Is this the end of a borderless Europe?
Have you ever driven across Europe with only a text message from your phone provider as a reminder that you’ve actually crossed the border? The freedom to do so could be coming to an end; calls to close the European borders and create a mini-Schengen zone have become louder especially since the terrorist attacks in Paris on November 13.
The Schengen agreement, signed in 1985 and named after the village in Luxembourg where it was signed, enables anyone to travel freely between 26 European countries, including 22 European Union states without showing a passport or visa. The treaty also allows non- Europeans simple access with a single visa. This means that EU citizens can move around as they please from Italy to Finland without being hindered. Not only does the treaty make travelling easy, but it also symbolises unity and shows that a world without borders is possible. Normally citizens of Schengen countries have their documents visually checked by security when they leave or enter the area and only non-EU nationalities have their details checked against a database for terrorism and crime.
A mini-Schengen zone
The idea of creating a mini-Schengen zone has been floating around since the enormous influx of refugees and migrants into Europe. Although the Dutch government have denied plans to create a mini-Schengen zone with Germany, Austria, Belgium and Luxembourg, rumour has it that there have been talks about forming a mini-Schengen area within the existing Schengen zone. Free movement would continue to exist within these countries while border controls would be reinforced on the outer borders. The plan would also involve setting up transit camps for migrants outside the borders. This proposal, however, violates the treaty’s guarantee of moving freely within Europe. The European Commission states that it has not received a formal proposal regarding the creation of a mini-Schengen zone.
Strict border controls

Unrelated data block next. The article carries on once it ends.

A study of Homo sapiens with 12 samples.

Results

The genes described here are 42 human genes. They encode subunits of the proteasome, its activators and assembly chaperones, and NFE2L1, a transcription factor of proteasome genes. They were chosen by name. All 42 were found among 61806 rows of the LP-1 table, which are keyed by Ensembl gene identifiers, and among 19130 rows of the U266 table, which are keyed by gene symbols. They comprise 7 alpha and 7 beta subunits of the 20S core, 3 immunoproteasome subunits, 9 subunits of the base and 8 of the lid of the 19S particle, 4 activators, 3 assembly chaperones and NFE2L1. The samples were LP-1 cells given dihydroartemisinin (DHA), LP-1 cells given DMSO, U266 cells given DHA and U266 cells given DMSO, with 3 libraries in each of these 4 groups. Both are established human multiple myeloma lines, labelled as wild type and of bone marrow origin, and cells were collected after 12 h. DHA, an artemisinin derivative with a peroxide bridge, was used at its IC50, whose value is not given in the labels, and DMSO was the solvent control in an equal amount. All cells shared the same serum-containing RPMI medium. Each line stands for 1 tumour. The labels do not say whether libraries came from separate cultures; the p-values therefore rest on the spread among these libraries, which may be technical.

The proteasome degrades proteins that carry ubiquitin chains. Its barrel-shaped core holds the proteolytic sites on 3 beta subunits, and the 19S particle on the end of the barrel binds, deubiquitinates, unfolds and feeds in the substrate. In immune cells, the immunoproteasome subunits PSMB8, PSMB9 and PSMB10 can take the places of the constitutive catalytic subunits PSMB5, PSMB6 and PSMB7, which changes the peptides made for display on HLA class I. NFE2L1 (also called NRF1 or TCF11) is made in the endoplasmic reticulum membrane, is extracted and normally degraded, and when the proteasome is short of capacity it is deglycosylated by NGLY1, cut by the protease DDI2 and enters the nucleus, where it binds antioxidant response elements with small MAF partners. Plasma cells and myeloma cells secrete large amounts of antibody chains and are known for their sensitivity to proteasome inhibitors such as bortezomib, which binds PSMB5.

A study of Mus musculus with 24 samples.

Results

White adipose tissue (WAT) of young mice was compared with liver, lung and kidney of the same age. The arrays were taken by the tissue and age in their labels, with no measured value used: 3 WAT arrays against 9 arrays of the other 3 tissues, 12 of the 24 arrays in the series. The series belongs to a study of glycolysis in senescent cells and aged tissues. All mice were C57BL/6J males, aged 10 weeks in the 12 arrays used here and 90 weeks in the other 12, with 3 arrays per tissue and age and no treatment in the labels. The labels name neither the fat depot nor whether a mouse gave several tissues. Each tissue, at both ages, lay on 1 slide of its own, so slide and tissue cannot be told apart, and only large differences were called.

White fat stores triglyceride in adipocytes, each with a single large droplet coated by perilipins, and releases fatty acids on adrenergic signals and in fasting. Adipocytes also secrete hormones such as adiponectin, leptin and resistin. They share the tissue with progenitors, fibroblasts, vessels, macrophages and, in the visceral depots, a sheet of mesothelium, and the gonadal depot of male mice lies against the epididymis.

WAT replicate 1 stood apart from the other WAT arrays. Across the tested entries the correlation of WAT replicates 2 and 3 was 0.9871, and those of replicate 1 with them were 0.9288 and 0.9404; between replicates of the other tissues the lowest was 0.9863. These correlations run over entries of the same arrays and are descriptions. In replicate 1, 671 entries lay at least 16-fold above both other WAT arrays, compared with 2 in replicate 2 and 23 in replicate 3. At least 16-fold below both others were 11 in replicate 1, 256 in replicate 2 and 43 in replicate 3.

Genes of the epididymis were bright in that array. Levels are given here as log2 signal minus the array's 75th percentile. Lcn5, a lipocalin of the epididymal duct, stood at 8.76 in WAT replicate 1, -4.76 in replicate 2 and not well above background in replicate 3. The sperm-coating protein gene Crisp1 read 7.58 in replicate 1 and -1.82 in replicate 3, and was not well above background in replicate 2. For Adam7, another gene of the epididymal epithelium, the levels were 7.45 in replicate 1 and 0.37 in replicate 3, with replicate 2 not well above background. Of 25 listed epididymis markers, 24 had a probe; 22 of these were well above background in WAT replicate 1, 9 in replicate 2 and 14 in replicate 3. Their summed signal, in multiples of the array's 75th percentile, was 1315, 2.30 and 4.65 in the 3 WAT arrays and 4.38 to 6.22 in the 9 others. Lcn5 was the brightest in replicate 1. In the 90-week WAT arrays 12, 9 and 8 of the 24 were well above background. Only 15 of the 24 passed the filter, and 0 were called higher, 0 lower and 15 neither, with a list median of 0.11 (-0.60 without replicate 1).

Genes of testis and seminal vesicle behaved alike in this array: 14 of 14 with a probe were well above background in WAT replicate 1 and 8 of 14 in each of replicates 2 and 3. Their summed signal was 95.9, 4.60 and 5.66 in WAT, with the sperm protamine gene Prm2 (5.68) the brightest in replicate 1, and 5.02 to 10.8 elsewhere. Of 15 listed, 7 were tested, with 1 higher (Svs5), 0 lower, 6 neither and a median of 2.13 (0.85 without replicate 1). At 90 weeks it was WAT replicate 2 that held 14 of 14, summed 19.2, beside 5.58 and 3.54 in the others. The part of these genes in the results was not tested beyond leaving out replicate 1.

With indications that some of the Paris attackers entered Europe alongside refugees or by using fake passports even though they were on counter-terrorism watchlists, a new proposal has been put forward. This proposal suggests that security checks against criminal databases should be extended to EU citizens as well who want to enter or leave the external borders of the Schengen area. Not much will change for international travellers however, except for additional security delays.
While security on the borders of Europe have already been tightened over the past months, several countries including Germany have established temporary border controls to process the hundreds of thousands refugees who have come to Europe fleeing the war. The Schengen treaty allows countries to reinstate passport controls, but only temporarily. Furthermore, in the wake of the attacks, France has reinstated border controls at major crossing points. Passports and IDs are being checked on buses, trucks, cars and trains. However, they are not systematically checking everyone who enters and leaves the country because they don’t have enough forces to do so.
What are the consequences?
If Europe’s internal borders are reinstated, passports will have to be shown whenever a border is crossed meaning long waiting times at border control for tourists, travellers and commercial transit which could impact the European economy. Moreover, it could also mean the end of the Schengen Visa meaning non EU- and Schengen members will have to apply for individual visas for each country they want to visit.
What are your thoughts, should borders in Europe be reinstated to heighten security and control or are we giving up our freedom too easily?